The most obvious one is when he mentions the boilerplate about a part of OnStar being sold, and then theorizes that they are actually planning to sell, perhaps even to one of those great boogeymen, Apple or Google.




There is a theory that you only build weapons that you intend to use, otherwise its a waste of funds. It cost money to put the language into the agreement and someone argued that cost with an offseting revenue. That suggests to me at least that the information will be packaged up and sold.

Now how nefarious will that sale be? That is fairly subjective. But as others have pointed out, if you're carrying around a smart phone you may already be giving more information to folks than you care to. It reads like OnStar wants in on that gravy train.


Companies get sold all the time. Maybe someone at OnStar realized that this is a realistic possibility in the next couple of years. Maybe OnStar wants to found a shell corporation.

I have seen such wording in a number of other TOSes so far, e.g. by Google [1]:

If Google becomes involved in a merger, acquisition, or any form of sale of some or all of its assets, we will ensure the confidentiality of any personal information involved in such transactions and provide notice before personal information is transferred and becomes subject to a different privacy policy.

[1] http://www.google.com/privacy/privacy-policy.html


I agree they get sold all the time, I've been hearing advertisements that I can get OnStar on my non-GM car in the SF Bay Area, so I presume they are expanding their reach.

One of the interesting techniques here is to make this change, get some heat (as they are) but then saying "Hey, its just boilerplate, we're not selling this stuff take a chill pill." And then 6 months or a year later, when everyone has forgotten the ruckus, do start selling the information, except that now since its pre-authorized by the ToS there is no 'lighthouse event' that goes up to alert the public to that fact.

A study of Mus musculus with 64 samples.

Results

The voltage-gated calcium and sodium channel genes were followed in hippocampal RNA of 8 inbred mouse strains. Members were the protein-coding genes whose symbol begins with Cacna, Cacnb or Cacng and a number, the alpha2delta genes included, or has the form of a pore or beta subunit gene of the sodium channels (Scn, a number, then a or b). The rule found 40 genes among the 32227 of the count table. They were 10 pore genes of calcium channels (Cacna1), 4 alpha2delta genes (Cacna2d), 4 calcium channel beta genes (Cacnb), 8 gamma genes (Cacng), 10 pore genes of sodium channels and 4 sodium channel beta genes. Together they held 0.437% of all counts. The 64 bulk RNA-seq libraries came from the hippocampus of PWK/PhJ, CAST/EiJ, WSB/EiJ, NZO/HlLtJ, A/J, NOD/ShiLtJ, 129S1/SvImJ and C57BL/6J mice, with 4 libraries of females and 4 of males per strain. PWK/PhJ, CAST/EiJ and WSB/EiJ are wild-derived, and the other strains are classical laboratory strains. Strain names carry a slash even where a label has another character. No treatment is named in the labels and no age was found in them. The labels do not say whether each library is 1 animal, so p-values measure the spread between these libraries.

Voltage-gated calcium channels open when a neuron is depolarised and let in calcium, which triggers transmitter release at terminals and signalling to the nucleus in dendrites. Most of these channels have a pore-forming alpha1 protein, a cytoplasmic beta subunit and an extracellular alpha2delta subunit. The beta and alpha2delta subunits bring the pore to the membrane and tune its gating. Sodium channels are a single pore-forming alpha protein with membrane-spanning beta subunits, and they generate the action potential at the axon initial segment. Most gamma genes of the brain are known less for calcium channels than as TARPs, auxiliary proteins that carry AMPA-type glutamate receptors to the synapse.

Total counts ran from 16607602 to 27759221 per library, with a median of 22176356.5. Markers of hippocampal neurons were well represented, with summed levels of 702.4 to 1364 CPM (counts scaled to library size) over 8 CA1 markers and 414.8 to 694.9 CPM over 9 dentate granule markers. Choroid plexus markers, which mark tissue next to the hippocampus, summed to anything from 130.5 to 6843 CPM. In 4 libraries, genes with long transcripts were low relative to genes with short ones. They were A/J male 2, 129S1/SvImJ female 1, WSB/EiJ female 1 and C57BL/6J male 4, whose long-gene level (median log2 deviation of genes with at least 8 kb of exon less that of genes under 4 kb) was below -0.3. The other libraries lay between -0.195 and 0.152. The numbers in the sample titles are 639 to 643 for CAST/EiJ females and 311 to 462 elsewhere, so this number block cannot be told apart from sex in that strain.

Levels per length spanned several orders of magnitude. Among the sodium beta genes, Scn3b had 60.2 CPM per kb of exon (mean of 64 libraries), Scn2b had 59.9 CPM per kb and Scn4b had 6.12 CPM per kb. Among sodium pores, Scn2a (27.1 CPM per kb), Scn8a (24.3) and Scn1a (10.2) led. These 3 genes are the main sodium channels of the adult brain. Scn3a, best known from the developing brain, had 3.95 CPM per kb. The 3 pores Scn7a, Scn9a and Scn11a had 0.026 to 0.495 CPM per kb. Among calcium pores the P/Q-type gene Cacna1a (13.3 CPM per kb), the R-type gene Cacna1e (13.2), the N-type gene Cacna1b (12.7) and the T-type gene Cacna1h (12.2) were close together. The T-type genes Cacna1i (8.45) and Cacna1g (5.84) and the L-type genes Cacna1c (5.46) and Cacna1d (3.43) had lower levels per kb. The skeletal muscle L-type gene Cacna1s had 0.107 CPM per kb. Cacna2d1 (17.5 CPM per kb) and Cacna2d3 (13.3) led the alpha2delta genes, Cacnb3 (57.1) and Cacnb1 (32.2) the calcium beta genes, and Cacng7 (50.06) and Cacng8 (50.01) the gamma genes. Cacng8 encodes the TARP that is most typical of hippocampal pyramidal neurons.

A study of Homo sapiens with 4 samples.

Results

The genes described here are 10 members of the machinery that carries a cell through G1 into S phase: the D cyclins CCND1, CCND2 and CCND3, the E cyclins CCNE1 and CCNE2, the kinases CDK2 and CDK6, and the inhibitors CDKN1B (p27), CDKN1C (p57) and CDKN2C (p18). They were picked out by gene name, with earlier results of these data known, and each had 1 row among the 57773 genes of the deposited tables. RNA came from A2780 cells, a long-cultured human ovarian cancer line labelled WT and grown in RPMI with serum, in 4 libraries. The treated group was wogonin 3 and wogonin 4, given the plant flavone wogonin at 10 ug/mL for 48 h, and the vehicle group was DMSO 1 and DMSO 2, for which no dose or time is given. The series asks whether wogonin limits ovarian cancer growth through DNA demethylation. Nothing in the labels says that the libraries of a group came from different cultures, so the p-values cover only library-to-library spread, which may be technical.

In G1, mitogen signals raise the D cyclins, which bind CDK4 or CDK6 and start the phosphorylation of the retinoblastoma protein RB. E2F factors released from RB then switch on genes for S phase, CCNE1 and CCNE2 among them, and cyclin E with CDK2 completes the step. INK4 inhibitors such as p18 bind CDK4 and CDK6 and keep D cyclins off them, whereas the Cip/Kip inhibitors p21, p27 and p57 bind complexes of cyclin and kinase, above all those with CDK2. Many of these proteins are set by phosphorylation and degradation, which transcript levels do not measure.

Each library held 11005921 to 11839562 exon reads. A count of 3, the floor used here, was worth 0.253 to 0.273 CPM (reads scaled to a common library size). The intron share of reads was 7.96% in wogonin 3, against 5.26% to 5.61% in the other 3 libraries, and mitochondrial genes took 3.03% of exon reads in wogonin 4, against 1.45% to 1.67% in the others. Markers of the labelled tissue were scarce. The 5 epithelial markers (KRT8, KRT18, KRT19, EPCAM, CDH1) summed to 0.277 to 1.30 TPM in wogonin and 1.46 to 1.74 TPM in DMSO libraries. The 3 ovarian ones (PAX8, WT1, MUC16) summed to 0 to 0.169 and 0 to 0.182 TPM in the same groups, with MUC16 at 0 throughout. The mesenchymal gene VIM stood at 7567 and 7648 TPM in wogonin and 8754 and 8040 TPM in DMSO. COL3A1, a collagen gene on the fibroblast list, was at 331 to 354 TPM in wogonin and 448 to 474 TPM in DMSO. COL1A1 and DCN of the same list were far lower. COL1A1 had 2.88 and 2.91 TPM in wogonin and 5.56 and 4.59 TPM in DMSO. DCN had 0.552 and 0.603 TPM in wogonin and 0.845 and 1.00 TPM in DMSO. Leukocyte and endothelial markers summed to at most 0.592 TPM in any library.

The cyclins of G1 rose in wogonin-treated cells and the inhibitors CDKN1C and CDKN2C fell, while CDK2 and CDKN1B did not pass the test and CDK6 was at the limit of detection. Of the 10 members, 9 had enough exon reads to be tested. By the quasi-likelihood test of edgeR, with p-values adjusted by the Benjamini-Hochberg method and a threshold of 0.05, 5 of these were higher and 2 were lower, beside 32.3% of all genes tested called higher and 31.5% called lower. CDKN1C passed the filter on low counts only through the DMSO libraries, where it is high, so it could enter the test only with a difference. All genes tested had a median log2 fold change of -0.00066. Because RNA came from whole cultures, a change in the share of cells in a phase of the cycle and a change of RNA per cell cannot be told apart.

A crusader would now start watching for news about OnStar partnering in six to nine months with someone who could use information about where people are, or where they go.


OnStar is a massive advantage for GM; I can't foresee them ever selling it.

Edited because my slippery thumbs hit submit early.


Re: unjustified -

  After learning that the unnamed system could be remotely
  activated to eavesdrop on conversations after a car was
  reported stolen, the FBI realized it would be useful for 
  "bugging" a vehicle, 
This is from 2004, the "unnamed system" is OnStar and FBI did use it to eavesdrop on someone.

[0] http://news.cnet.com/2100-1029_3-5109435.html?tag=st_util_pr...


Of all the companies to single out as entities you wouldn't want GPS data to be acquired by, Apple and Google are an odd choice.

I mean of all the possible companies that might acquire this GPS data, it's not like Apple or Google already have copious amounts of GPS data on us. Is it?


I can't tell if you're being sarcastic or not. Setting apart the location-based services built into mobile devices, every time you access a service from either Apple or Google you're pinging their server with an IP address that has a certain degree of geolocation. This includes accessing a website using Google Analytics.